Hi Guys, I'm using a 67 for some portraiture and was wondering if anyone had any recommendations for a light meter. Cheers

06-03-2011, 06:44 AM   #2
06-03-2011, 07:19 AM   #3

I second the Gossen recommendation - I have a Luna Lux SBC and it is accurate and has a great range.

With any older model, from any make, make sure to check what batteries it uses, and that these are still available. My Luna Lux uses a standard 9v battery, the kind that goes into smoke alarms, and runs on on for years and years, it seems.


06-03-2011, 07:21 AM   #4

For flash work I use the Sekonic 358 which also measures ambient light very well. Otherwise I have an ancient Sekonic Auto leader which works well without any additional power source.

06-03-2011, 07:22 AM   #5

I have an old Gossen (not sure of the model atm), and it's fun and retro, but be careful, mine only meters continuous light sources, not flash. Also, my understanding is that the photocells on older meters can lose sensitivity over time.
06-03-2011, 07:35 AM   #6
photocells on older meters can lose sensitivity over time.
???????

Might be true of some selenium meters, though I have seen examples made in the 40s (Weston and others) that are still quite functional and accurate. For vintage meters, here are a few bullet points:
  • Take care regarding batteries. Many require the no-longer-available mercury button cells. The good news is that adapters and other options (Wein cells and such) are available.
  • Selenium cells do not need batteries, but generally lack low light sensitivity
  • CdS cells have decent response and sensitivity
  • SPD cells (silicon blue cell, as in SBC) have excellent low-light sensitivity and are much preferred ($$)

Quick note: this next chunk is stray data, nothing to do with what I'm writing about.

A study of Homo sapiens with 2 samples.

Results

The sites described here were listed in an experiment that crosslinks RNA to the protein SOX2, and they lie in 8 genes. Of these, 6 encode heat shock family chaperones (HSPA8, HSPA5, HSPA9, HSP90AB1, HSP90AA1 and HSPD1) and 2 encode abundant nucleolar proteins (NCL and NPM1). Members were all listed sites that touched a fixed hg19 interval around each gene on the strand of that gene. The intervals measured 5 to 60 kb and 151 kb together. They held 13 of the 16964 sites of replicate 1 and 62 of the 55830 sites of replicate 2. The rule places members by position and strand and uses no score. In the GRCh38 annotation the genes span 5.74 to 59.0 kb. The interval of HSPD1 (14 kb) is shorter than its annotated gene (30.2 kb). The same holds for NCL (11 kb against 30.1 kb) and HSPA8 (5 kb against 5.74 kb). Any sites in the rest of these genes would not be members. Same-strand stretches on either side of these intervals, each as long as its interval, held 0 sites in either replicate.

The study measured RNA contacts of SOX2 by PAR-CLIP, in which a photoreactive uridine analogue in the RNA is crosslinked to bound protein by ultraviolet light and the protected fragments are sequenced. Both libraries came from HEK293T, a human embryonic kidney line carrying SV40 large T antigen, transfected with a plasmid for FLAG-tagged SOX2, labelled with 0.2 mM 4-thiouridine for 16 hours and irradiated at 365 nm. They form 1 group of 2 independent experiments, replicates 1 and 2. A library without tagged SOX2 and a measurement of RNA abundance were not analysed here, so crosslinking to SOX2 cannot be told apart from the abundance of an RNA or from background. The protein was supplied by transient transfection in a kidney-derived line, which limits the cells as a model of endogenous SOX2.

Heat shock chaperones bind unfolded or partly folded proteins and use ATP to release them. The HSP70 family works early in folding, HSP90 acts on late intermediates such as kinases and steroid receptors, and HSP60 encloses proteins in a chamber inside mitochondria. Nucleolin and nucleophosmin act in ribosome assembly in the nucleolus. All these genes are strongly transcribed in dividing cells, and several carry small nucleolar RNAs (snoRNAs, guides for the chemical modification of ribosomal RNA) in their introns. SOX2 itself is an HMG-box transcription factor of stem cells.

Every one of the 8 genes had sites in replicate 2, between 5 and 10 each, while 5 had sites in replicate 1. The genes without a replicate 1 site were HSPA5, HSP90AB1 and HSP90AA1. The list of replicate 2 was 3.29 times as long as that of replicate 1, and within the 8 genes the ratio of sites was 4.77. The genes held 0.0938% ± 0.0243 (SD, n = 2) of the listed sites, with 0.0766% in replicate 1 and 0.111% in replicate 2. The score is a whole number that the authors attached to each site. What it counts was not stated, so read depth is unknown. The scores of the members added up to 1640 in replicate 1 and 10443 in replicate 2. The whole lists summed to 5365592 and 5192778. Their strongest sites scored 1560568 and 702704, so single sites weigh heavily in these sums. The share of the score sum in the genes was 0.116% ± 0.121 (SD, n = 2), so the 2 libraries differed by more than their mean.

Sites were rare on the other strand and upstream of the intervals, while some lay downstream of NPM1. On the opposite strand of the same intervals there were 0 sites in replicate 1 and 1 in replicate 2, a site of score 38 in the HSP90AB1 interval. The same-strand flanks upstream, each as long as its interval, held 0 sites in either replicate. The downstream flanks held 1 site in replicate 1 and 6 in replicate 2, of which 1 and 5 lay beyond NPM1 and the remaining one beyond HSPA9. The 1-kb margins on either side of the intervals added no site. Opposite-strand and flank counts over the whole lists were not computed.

Steve
06-03-2011, 03:57 PM   #7
Gossen Luna Pro SBC requires several accessories for complete functionality and I'm wondering how difficult these will be to locate. Ebay has a second hand Sekonic L-758 which I've added to my watch list. The listing had a run down of 15 features offered by this thing and I could only recognize two! Cheers!
06-03-2011, 05:07 PM   #8
Gossen Luna Pro SBC requires several accessories for complete functionality
However, for incident or reflected light you don't need any of the accessories. For portraiture you're fine with one as is.

06-03-2011, 06:42 PM   #9
Brooke Meyer

Can't do flash but a Gossen Digisix can be bought new ( got mine used at KEH) and uses modern batteries you can find at the drugstore. It is small and therefore handy to use. Cheap date on the flash meter is Polaris.

Last edited by Brooke Meyer; 06-03-2011 at 06:42 PM. Reason: Spelling
06-03-2011, 09:05 PM   #10

I've compared the one-degree to an incident meter a few times and the incident meter will often place the skin values kind of low for my taste in BW shots.

Last edited by tuco; 06-03-2011 at 09:11 PM.
06-03-2011, 10:24 PM   #11
06-04-2011, 02:55 PM   #12
Thanks for all the advice guys, I just bought a Sekonic L358. Cheers


Great meter!


Steve
06-04-2011, 04:10 PM   #13

*Edit*: Didn't see that you already bought a meter when I posted that. I should really pay more attention next time.